Order, Supreme Court, New York County (Alice Schlesinger, J.), entered March 27, 2008, which denied respondent Loeb Holding Corp.'s and petitioner's respective motions for summary judgment, unanimously affirmed, without costs.
Published by New York State Law Reporting Bureau pursuant to Judiciary Law § 431.
This opinion is uncorrected and subject to revision before publication in the Official Reports.
Tom, J.P., Saxe, Williams, Catterson, Moskowitz, JJ.
The memoranda of law submitted in connection with the parties' dispositive motions are not included in the record. Although, as Loeb now contends, the issue of whether the corporate veil of defendant CAVI Acquisition, Inc., a Delaware corporation, should be pierced is governed by Delaware law (see e.g. Sweeney, Cohn, Stahl & Vaccaro v Kane, 6 AD3d 72, 75 , lv dismissed 3 NY3d 751 ), in letter briefs submitted to Supreme Court, both parties maintained that the law to be applied was not material to the outcome. Loeb argued that petitioner's "claim is no more valid under New York law than it is under Delaware law," and petitioner asserted that, irrespective of whether Delaware law governs, "the result remains the same." Having indicated that the court's choice of applicable law was immaterial, Loeb cannot now assign as error the court's failure to decide the issue solely on the basis of Delaware law (see Cohn v Goldman, 76 NY 284, 287  [questions not raised before the trial court cannot be asserted as error on appeal]; Recovery Consultants v Shih-Hsieh, 141 AD2d 272, 276  [same]). Indeed, Loeb continues to maintain that "[u]nder any view of New York law, Klein's claim of alter ego liability fails."
Petitioner identified an issue of fact as to Loeb's misuse of "the corporate form to operate a sophisticated shell game, shuttling assets between entities in an effort to escape the effect of any potentially adverse judgment" (Mobil Oil Corp. v Linear Films, Inc., 718 F Supp 260, 270 [D Del 1989]; Matter of Superior Leather Co. v Lipman Split Co., 116 AD2d 796, 797  ["intercorporate shuffling of assets and debts"]). In assessing whether Loeb is the alter ego of CAVI, "the question of domination is generally one of fact" (Fletcher v Atex, Inc., 68 F3d 1451, 1458 [2d Cir 1995] [applying Delaware law]) and is thus "particularly unsuited for resolution on summary judgment" (Forum Ins. Co. v Texarkoma Transp. Co., 229 AD2d 341, 342 ; see also First Bank of Ams. v Motor Car Funding, 257 AD2d 287, 294 ). As Supreme Court stated, "Issues of fact abound," and petitioner failed to establish his entitlement to summary disposition (see First Capital Asset Mgt. v N.A. Partners, 300 AD2d 112, 117 ; cf. Midland Interiors, Inc. v Burleigh, 2006 WL 3783476, 2006 Del Ch LEXIS 220 [Del Ch 2006] [plaintiff prevailed on alter ego claim after trial]).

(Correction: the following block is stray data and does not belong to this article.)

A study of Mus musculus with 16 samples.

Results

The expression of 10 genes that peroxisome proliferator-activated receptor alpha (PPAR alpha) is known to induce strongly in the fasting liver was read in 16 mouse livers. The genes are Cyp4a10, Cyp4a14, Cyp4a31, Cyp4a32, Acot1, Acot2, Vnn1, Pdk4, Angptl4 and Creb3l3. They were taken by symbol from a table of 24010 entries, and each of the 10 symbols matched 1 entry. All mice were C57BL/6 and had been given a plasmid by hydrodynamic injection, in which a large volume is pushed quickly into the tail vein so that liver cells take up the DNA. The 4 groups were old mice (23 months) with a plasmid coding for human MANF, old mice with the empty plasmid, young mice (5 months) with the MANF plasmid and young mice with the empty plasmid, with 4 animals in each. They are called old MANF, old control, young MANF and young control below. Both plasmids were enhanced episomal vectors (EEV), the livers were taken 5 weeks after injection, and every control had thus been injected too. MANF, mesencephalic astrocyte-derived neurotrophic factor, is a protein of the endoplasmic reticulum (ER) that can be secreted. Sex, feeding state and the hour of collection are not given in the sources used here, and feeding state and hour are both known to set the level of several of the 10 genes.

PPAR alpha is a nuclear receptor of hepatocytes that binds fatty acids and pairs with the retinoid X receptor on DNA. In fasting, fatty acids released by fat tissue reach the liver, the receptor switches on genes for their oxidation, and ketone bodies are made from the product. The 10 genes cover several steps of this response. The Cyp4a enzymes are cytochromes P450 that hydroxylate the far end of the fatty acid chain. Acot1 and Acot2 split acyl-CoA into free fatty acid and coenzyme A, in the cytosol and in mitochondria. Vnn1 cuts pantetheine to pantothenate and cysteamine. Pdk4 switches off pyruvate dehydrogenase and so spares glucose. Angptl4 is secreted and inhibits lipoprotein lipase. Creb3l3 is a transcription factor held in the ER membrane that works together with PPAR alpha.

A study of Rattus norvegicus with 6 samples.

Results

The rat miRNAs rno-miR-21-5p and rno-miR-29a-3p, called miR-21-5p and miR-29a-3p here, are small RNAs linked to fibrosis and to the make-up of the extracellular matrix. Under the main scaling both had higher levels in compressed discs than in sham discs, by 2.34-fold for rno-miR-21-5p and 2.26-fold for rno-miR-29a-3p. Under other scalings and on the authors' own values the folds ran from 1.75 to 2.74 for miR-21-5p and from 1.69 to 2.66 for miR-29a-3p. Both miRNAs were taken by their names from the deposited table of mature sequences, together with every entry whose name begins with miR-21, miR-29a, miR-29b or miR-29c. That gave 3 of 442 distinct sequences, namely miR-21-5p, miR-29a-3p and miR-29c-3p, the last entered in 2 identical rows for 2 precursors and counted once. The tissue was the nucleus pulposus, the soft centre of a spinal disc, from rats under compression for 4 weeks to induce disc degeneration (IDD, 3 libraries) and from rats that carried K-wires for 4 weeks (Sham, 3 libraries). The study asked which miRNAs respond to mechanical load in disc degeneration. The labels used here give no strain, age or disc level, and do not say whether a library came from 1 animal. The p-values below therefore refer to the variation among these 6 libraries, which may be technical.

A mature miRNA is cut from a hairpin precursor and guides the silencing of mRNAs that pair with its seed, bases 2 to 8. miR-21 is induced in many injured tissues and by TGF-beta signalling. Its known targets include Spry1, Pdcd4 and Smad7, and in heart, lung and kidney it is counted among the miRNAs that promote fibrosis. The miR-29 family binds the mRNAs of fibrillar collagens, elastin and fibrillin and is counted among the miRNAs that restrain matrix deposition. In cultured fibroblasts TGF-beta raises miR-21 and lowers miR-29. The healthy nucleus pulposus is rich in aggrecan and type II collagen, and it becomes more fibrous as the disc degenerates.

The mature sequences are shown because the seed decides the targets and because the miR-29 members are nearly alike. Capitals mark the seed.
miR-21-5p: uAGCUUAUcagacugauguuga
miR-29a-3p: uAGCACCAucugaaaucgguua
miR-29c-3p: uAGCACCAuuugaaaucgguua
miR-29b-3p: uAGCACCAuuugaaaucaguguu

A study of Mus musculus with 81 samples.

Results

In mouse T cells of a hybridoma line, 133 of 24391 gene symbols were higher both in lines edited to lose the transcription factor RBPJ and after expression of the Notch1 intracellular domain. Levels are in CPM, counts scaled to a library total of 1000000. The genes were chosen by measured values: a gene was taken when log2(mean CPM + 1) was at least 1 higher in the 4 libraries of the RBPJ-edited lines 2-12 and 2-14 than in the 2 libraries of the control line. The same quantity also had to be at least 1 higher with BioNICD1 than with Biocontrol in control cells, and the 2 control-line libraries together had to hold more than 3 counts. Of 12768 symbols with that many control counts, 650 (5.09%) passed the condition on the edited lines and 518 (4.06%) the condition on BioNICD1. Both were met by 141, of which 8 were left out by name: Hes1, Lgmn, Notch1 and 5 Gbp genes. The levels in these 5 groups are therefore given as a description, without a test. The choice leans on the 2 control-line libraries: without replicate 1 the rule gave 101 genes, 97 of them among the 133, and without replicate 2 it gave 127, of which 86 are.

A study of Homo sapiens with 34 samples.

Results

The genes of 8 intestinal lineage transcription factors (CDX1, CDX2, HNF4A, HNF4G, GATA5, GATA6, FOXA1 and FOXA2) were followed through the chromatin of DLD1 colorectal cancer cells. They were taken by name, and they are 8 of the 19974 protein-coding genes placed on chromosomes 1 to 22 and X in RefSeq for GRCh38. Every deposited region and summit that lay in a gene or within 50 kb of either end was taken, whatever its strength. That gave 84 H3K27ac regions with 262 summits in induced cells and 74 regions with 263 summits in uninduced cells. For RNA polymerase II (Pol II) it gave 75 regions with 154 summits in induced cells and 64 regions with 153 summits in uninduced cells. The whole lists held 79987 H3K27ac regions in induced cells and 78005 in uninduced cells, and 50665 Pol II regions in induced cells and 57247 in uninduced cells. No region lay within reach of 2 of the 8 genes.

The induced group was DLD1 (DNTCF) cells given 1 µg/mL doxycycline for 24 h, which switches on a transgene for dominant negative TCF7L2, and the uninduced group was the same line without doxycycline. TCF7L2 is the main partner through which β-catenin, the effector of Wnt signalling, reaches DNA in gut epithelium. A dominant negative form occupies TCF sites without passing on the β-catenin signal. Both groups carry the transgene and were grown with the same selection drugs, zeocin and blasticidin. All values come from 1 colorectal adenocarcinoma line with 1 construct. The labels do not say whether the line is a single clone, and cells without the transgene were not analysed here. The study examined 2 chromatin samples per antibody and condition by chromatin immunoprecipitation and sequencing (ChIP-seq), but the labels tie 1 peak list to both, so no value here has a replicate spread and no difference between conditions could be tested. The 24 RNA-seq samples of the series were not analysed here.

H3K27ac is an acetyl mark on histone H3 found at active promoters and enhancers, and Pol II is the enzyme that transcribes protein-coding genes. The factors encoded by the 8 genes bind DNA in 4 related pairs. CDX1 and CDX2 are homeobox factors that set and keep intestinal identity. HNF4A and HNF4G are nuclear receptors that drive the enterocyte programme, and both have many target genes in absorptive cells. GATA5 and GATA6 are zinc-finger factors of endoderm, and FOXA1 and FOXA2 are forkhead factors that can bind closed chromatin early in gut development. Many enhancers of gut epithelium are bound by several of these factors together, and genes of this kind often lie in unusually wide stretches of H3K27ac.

Petitioner does not contend that he should have been granted summary judgment on his fraudulent conveyance claim, and Loeb's contention that it should have been granted summary judgment dismissing that cause of action is unavailing. On May 25, 2004, petitioner commenced an arbitration proceeding against Loeb and CAVI's predecessor. On May 28, 2004, Loeb and three other CAVI shareholders lent CAVI money. Eleven months later, on April 28, 2005, Loeb filed a UCC statement with respect to its portion of the loan. Loeb cites no authority for the proposition that the May 2004 loan and the April 2005 UCC filing were "essentially contemporaneous," i.e., that the loan was not antecedent. Thus, CAVI gave a security interest to its shareholders as opposed to outsiders with respect to an antecedent loan. Such a conveyance cannot be found, as a matter of law, to have been made for fair consideration (see Farm Stores v School Feeding Corp., 102 AD2d 249 , affd 64 NY2d 1065 ; cf. In re Applied Theory Corp., 323 BR 838 [Bankr SD NY 2005], affd 330 BR 362 [SD NY 2005]).
THIS CONSTITUTES THE DECISION AND ORDER OF THE SUPREME COURT, APPELLATE DIVISION, FIRST DEPARTMENT.